Island-wide survey aims to identify skills gaps and shortages

| July 1, 2014 | 0 Comments
Dr Elaine Monkhouse

AN ISLAND-WIDE telephone survey aimed at identifying the mismatch between the skills that employees have and those that are needed, now and in the future, starts next week.

Skills Guernsey, a public private partnership tasked with developing and implementing a skills strategy for the island, is carrying out the analysis to understand in detail the skills gaps that may exist locally.

‘We need local businesses to help with this survey so we can get useful information from across the various different areas of business in Guernsey,’ said Commerce & Employment minister Kevin Stewart.

‘There are many highly-skilled people working in Guernsey, which is vital to our economic success, but we cannot take this for granted so it’s important that we work with businesses in Guernsey to understand from employers what they consider to be the skills that people working for them will need to have both now and in the future.’

Deputy Stewart added that the findings of this telephone survey of employers and self-employed individuals from all industry sectors will have several uses.

‘We will be able to identify where, as an Island, we lack certain skills, so that we can work out how to ensure that the right training is available in order to plug these gaps.’

Skills Guernsey is a partnership between business members from large and small local businesses, individuals with skills-related experience, training providers, community representatives and States departments.

Chaired by Dr Elaine Monkhouse, it has responsibility for ensuring that strategy and policy for skills and participation in the workforce takes account of, and is allied to, the broader aims for education, social cohesion and economic development expressed in departmental strategies and plans, and the wider States Strategic Plan. Its main aims are to improve the skills of the working population, in line with the needs of employers in all sectors and to increase workforce participation.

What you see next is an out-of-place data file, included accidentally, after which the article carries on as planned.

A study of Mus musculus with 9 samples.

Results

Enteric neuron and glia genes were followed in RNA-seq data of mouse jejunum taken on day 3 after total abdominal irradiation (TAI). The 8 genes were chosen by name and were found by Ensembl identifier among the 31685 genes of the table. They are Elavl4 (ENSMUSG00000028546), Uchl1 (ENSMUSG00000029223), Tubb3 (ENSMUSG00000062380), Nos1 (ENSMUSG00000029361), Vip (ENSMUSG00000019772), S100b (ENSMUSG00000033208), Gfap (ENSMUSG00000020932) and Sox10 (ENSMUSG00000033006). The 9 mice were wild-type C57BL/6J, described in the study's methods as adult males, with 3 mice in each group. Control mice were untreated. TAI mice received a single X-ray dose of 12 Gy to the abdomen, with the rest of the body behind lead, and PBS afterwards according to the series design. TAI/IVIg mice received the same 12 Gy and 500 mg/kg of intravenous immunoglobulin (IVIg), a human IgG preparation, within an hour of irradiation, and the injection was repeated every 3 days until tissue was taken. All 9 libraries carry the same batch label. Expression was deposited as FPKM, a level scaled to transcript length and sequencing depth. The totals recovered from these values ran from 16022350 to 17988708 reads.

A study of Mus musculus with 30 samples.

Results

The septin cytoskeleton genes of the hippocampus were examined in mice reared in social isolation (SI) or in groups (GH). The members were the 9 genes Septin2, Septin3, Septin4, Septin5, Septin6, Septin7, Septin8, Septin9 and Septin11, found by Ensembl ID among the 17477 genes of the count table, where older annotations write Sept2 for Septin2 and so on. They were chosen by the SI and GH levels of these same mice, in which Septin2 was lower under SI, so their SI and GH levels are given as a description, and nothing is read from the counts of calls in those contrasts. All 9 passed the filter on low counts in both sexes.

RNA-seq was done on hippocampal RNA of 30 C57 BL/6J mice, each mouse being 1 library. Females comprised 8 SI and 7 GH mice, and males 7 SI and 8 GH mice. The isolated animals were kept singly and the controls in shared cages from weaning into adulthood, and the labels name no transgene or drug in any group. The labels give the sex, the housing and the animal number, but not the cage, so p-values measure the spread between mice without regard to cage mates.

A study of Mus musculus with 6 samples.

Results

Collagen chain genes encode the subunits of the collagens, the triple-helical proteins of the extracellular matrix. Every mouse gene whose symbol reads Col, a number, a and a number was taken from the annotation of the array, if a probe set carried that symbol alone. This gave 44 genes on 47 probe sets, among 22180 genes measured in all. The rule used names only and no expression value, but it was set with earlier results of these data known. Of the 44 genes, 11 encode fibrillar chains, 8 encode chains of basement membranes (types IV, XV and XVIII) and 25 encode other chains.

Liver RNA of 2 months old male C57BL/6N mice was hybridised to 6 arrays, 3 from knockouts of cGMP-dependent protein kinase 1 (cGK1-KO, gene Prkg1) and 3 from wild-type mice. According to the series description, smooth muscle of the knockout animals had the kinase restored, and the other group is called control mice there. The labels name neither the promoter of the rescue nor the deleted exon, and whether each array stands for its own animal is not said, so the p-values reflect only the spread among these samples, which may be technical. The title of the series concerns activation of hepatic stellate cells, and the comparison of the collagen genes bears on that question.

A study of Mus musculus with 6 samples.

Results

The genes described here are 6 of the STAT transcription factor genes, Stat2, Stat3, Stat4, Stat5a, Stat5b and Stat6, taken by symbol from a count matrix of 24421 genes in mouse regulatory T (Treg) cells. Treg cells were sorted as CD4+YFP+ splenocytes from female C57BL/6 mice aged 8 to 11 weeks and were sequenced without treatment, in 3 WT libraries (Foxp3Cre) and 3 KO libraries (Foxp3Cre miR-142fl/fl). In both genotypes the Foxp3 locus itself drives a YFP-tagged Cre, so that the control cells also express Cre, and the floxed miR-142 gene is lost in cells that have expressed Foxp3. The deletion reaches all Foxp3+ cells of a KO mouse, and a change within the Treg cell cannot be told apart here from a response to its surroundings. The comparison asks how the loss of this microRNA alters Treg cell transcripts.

This confidential survey, which is expected to take around 15 to 20 minutes, will be conducted by telephone and respondents can opt to give their contact details which will allow Skills Guernsey to follow up any specific queries and run focus groups to validate the findings.  While the survey will only be able to reach a representative sample of local businesses, there will be opportunities to participate in the study. Anyone wishing to get involved should contact Skills Guernsey.

‘Our aim is have the final report on the findings ready by the end of September and then work with industry bodies, the States and training providers to come up with the solutions,’ said Dr Monkhouse.

‘This will form the benchmark for future proposals and we aim to repeat it every three to four years to ensure that the strategy we are working to continues to meet the needs of local businesses and people.’

Patrick Firth, deputy chairman of GIBA, said the survey was essential if a diversified economy was a priority.

‘There has been considerable debate about the island’s dependence on the finance industry and while we accept that the financial service sector is dominant, GIBA fully appreciates that the island has a very diverse business community,’ he said.

‘We need to support embryonic sectors so that they can grow and make an increasing contribution to the economy and the most important way of ensuring that happens is to provide them with employees with the right skills. This survey will allow Skills Guernsey to identify the gaps and prioritise what sectors need educational support and we would encourage all island businesses to support it.’